Welcome to the eye tracking tool I am building on top of WebGazer.js! The intended use case for this tool is for gathering several trials of eye movement data from participants.
Basic steps of usage:
Set your desired trial length with Auto-stop countdown duration.
Set your desired measurement interval (at least 100ms for now).
Click Start Tracking
Allow camera access
Calibrate the gaze prediction model by keeping your head in the green square shown in the video stream, keeping your eyes on the cursor, and pretending to click (e.g.) nine imaginary dots on the screen (e.g. see here: https://webgazer.cs.brown.edu/calibration.html?)
Click Begin auto-stop countdown when you are ready to start measurement, or click Stop tracking to manually stop tracking.
After the tracking ends, click Download data and/or Download audio.
Throughout tracking, use the Marker buttons to set markers for certain timestamps that will appear in the final CSV.
As another form of annotating the data, use the audio recording functionality (audio recording also auto-stops at end of countdown)
Other important notes:
To run an experiment, I recommend minimizing the window for this tool and dragging a separate window with your desired stimuli over and ontop of it. For experimental purposes, the positions of both windows should be perfectly replicated to get the same type of data.
You can (but maybe shouldn't, see below) gather multiple separate trials of data without refreshing the page by clicking Start, Stop, Start, Stop, etc.
As of now, the gaze prediction model is saved between trials, so for scientific purposes, in order to keep measurement conditions the same, separate trials should be gathered after refreshing the page (meaning you will have to collect separate CSVs, sadly).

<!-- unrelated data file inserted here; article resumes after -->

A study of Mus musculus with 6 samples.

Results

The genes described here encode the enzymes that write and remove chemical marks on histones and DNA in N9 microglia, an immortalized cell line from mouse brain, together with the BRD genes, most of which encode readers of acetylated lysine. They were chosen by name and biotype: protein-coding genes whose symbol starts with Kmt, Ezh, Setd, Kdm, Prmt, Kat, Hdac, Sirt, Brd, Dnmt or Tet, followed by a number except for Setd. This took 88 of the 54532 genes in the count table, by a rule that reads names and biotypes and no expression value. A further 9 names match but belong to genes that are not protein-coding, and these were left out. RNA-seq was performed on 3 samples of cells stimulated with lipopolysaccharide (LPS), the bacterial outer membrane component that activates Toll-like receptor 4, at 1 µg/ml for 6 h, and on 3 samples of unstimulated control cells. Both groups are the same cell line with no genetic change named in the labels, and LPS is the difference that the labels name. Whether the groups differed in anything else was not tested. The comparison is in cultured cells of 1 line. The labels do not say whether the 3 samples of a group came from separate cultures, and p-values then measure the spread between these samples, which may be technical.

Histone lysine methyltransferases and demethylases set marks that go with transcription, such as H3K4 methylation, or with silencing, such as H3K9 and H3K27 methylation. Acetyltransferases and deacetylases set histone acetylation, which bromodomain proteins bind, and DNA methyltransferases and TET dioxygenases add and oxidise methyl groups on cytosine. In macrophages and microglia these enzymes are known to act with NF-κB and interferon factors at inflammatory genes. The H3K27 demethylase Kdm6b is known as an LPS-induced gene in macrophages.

In the CSV, the time differences aren't perfect because parts of the program have unpredictable execution times, and I'm not aware of an easy way to fix this.
I did not create the gaze predictor, I only wrote a bit of code on top of it that might make WebGazer suitable for psychology research. All credit for the gaze predictor belongs to the developers of WebGazer.js: https://webgazer.cs.brown.edu/
My understanding of WebGazer.js is that it uses a combination of your facial features, cursor movements, and cursor clicks to predict your gaze.
The original intention of this project was to use WebGazer to obtain data that multifractal analysis could be applied to, but it is still unclear to us whether WebGazer is accurate enough for finding statistically significant (multifractal) patterns.
You can't record more than one audio file without refreshing the page.
Sometimes the first few data points in a trial aren't what they should be (e.g. Time is zero for 2nd row, or Time is very large initially), so generally those points should be cut off from analysis
If you're using this eye-tracking tool for your research, please cite both me and WebGazer.js. Example for this site:
Jack Ryan. (2023). WebGazer Eye Tracking for Psychology Experiments. August 1, 2023 version. Retrieved from https://jackaldenryan.com/pages/eye_tracking/eye_tracking.html.
Visit the WebGazer website for their citation info.